Immigration reform will not be part of this year’s omnibus spending bill, Senate Republicans said Thursday after a meeting at the White House.
Republican and Democratic lawmakers involved in immigration negotiations are trying to find a way to pair citizenship for those in the Deferred Action for Childhood Arrivals program, or DACA, with enhanced border security measures.
While there is interest in addressing DACA from both sides of the aisle, some worry including it could pull the whole effort into a cascade of debate over the broader immigration system.
“What we are trying not to do is fall down the slippery slope of comprehensive reform,” Republican Sen. Thom Tillis of North Carolina said.
While the main focus of the GOP is overhauling the nation’s tax code, discussions on an immigration bill are picking up. Seven Republican senators met with President Donald Trump on Thursday to discuss the legislation. Earlier this week, Sen. Tom Cotton of Arizona also met with top White House advisor Stephen Miller, who has taken a leadership role on the immigration issue. An aide declined to comment on the nature of the meeting.
Some Republicans are also seeking to address chain migration — immigrants that follow or accompany lawful residents — in the pending legislation. It’s a key demand of the White House and one that Cotton and Sen. David Perdue of Georgia are advocating as part of their legislation — referred to as the RAISE Act — that would implement a merit-based immigration system.
Senate Minority Whip Richard J. Durbin, who along with Republican Sen. Lindsey Graham of South Carolina is leading the charge on negotiations for their so-called DREAM Act, said conversations remain ongoing.
“Don’t expect to put all immigration reform on the shoulders of these DREAMers,” the Illinois Democrat said. “We’re trying to focus on the appropriate type of border security to complement the DREAM Act, and that really is the exclusive focus at this point.”
Durbin said Republicans have yet to lay out exactly what type of border security measures they want in the legislation. While the whole bill from Cotton and Perdue is unlikely to be incorporated, Durbin said he is open to addressing the issue of chain migration.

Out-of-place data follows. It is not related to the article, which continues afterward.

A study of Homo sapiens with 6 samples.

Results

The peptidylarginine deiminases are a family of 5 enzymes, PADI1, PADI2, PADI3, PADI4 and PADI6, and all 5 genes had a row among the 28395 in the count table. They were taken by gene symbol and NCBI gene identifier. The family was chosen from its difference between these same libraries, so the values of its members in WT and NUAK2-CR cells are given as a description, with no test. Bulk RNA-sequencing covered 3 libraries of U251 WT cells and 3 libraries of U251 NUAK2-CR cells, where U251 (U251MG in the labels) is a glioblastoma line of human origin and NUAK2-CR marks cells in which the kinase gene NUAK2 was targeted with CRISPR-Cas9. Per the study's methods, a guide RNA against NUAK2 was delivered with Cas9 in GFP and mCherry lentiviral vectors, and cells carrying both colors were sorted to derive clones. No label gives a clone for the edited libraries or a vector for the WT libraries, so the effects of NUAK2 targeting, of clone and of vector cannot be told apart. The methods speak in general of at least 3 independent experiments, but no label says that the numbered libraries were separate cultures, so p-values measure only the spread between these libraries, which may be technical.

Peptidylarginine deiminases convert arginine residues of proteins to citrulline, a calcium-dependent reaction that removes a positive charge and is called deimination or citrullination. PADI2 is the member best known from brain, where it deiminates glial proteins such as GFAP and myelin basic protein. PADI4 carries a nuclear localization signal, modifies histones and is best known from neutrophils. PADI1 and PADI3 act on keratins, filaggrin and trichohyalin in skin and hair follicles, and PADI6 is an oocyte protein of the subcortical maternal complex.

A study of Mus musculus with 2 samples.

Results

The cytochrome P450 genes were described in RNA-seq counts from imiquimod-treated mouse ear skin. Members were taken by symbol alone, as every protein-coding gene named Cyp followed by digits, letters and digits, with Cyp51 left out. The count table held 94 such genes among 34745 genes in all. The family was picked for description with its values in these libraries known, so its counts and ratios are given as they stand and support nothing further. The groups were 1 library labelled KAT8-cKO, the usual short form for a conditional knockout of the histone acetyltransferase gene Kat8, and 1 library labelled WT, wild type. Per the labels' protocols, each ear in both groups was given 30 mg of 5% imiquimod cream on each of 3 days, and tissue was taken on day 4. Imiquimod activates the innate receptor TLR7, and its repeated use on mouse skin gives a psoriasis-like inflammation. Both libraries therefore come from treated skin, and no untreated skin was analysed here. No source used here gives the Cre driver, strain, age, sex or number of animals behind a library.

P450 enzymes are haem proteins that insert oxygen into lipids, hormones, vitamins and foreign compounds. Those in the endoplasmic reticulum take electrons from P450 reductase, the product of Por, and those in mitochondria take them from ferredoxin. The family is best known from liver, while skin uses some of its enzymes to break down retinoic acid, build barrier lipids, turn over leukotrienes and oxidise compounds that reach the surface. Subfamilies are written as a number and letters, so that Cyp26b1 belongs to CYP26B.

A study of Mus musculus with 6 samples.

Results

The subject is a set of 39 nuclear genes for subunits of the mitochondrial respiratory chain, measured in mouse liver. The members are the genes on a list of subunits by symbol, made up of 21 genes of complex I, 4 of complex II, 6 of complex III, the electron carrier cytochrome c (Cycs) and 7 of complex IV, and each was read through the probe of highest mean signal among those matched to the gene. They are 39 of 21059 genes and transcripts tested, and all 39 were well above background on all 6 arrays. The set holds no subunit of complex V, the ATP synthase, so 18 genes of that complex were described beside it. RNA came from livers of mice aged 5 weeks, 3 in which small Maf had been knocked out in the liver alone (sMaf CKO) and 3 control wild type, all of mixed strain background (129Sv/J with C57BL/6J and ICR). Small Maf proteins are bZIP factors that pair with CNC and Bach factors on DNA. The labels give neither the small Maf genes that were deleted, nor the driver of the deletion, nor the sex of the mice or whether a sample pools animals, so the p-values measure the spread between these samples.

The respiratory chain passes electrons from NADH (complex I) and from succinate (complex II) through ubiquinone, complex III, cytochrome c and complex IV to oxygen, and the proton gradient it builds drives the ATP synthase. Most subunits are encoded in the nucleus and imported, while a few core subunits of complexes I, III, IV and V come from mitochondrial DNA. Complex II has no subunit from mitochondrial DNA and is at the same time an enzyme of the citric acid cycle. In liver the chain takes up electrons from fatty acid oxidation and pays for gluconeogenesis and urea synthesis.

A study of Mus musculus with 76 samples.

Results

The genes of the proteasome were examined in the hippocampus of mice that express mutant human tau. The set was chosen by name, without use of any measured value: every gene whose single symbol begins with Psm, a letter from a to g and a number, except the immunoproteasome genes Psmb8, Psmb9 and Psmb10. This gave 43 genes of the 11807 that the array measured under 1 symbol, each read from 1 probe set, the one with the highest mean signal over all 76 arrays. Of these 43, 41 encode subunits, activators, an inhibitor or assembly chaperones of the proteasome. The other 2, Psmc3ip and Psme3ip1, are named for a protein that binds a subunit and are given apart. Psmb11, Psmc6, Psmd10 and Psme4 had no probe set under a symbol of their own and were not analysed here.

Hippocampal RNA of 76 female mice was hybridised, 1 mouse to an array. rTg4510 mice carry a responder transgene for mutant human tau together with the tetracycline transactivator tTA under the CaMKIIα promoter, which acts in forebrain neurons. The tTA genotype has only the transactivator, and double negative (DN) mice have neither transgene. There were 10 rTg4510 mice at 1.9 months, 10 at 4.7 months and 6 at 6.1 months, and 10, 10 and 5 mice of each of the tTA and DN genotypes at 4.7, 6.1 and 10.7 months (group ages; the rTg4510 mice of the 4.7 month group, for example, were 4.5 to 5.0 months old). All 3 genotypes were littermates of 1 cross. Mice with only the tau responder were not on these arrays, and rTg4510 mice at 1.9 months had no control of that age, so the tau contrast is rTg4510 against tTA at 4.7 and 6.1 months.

“Sen. Cotton goes far beyond what I think we can achieve in the DREAM Act, but we will, of course, be addressing some aspects of family unification. I think that needs to be part of it,” he said.
After the White House meeting, Graham outlined what he thought an agreement to pass his legislation might look like.
“I think you can get strong border security with a wall component. I think you can deal with the problem of kids being dropped off from Central America, left on our doorstep. I think you can do away with the diversity visa lottery system since we did away with it before,” Graham said, referring to a visa program Trump spotlighted this week in a series of tweets after a deadly attack in New York City.
“I think you can get interior enforcement including ‘Kate’s Law’ for the DREAM Act,” Graham added. “Kate’s Law” is the colloquial name for legislation that would increase penalties for people who return to the U.S. illegally after being deported.
Still, Senate Majority Whip John Cornyn said 2018 was a more likely timeline.
“This, I think more likely than not, will be part of a January, February time frame. But if we can cut a deal earlier than that, that’s fine with me too. But it won’t be part of the omnibus. That’s the pipe dream of some of the Democrats who think this is going to get swept up in a big year-end spending bill,” he said.
Congressional Hispanic Caucus Chairwoman Michelle Lujan Grisham issued a statement after the White House meeting let out and the result surfaced.
“At stake are the lives of 800,000 young American patriots who are at the mercy of Republican back room deals,” the New Mexico Democrat said. “It is reprehensible that the President and Senate Republicans would devise a scheme to hold the Dream Act hostage.”
Jennifer Shutt contributed to this report.